Upon searching for dishes I should expect to encounter along my journey to the Galapagos in the spring of 2018, I never expected to find something so close to home. Although, I am new to the humitas platter, I cannot help but think of one of my grandmother’s signature Puerto Rican dishes: pasteles. It just so happens that humitas and pasteles are within the same family as they are both similar in content and abundant in the Hispanic culture. Of course, just like a cake, pasteles and humitas can be made with different ingredients, yielding an array of delicious results. Typically, though, the contents of humitas always include freshly ground corn with the occasional onion, egg, and spices that vary from region to region and, of course, family tradition. This forms a dough that is then wrapped in corn husks and steamed or boiled until perfection.
Humitas first came into existence when the indigenous people of the Andes gathered the most basic of ingredients – corn, peppers, onions, and salt – forming a dish that is shared across Latin America in different forms. The most renowned language of the Andes was Quechua. This language is still spoken today in Ecuador, southern Columbia, the highlands of Peru and Bolivia, northwestern Argentina, and northern Chile. The name “humita” actually derived from the word jumint’a in Quechua. Unfortunately, Quechua is in danger of becoming extinct as it is growing less prominent. The few things that do remain from the natives who originated from the Andes, however, are the most popular humitas. Humitas are just one of the few things in the Latin American culture that tie back to roots in the Andes. A cultural tradition among the Spanish when it comes to anything dough related is to get creative with the contents of the dish, whether that be adding different herbs or making a variety of dough using different kinds of corn. Humitas are extremely versatile; this may have to do with its popularity among Latin America as it seamlessly adapts, forming to any craving.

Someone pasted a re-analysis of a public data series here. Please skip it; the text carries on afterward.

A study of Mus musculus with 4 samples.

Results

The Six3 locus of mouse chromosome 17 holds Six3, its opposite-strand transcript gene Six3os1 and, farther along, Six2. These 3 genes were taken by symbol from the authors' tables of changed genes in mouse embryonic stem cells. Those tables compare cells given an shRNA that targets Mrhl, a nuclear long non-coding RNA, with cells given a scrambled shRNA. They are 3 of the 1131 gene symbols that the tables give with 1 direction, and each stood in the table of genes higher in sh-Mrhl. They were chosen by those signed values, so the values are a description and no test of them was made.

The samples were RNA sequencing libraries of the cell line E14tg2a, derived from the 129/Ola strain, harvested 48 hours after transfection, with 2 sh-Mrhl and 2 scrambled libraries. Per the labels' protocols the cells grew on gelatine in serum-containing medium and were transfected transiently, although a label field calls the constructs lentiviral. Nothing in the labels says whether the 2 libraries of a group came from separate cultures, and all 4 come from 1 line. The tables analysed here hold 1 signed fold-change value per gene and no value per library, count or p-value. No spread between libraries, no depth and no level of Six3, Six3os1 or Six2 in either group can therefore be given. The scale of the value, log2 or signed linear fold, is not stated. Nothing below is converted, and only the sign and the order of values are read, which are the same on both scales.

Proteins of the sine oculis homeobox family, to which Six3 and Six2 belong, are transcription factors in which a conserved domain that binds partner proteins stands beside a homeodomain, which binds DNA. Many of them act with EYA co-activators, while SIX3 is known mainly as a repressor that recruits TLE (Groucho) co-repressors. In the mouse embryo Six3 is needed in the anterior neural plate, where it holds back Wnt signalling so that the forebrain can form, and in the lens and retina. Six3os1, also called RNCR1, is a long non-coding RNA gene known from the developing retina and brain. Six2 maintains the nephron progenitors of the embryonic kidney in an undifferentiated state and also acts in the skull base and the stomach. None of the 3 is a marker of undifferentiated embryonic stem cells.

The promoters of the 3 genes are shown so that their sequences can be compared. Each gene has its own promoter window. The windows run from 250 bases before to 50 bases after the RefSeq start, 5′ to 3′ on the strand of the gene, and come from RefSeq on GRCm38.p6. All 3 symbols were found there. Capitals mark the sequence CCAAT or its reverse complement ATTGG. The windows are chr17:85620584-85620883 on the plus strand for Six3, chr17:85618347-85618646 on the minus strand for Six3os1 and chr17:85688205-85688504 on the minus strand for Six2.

In the Andes there are as many large cities with CEOs as there are small towns with modest farmers, but this social barrier does not hinder the people from coming together with a single serving of humitas. Vendors may travel across the corn fields until they reach civilization where the humitas sell in seconds. It is more likely, however, that many of the farmers in the Andes ship their variety of savory and sweet corn to restaurants that prepare the humitas for the locals to enjoy. Although humitas primarily consist of corn, it is not the most abundant crop in the Andes, especially in Ecuador. Ecuador’s developing economy is highly dependent on agriculture as it is a major exporter of bananas, flowers, and cocoa. However, as the number of tourists continues to steadily increase, the deliciousness of humitas may be at an even higher demand, causing for greater supply of corn.
Corn, better known as maize, is a staple crop that grows extremely well in many of the Andes climates. Other successful crops include beans and potatoes, which are no stranger to the humitas dish as some do choose to incorporate them as additional ingredients. In the Andes, during late January, the maize is ripe and ready to be transformed into the humitas everyone has long been craving for. When the maize reaches a milk stage after having been cut from the cob and ground, the semi-liquid consistency is placed back into the corn husks from which they derived and bound tightly with a string. Once the humitas are hardened upon being boiled or steamed, they are typically stacked into coolers where vendors will sell them on the streets of Ecuador until not a speck is left.
It is amazing how food embodies love within a family and authenticity of a family’s traditions. I suppose, of all dishes in the Galapagos, I hope to come in contact with humitas more than any other dish because it will remind me most of home despite being away. It is almost as if the purpose of a humita is to bring people together, whether it is gathering a group to prepare the dish or being so versatile among the Hispanic nations that it connects slightly varying cultures into one. An amazing journey awaits!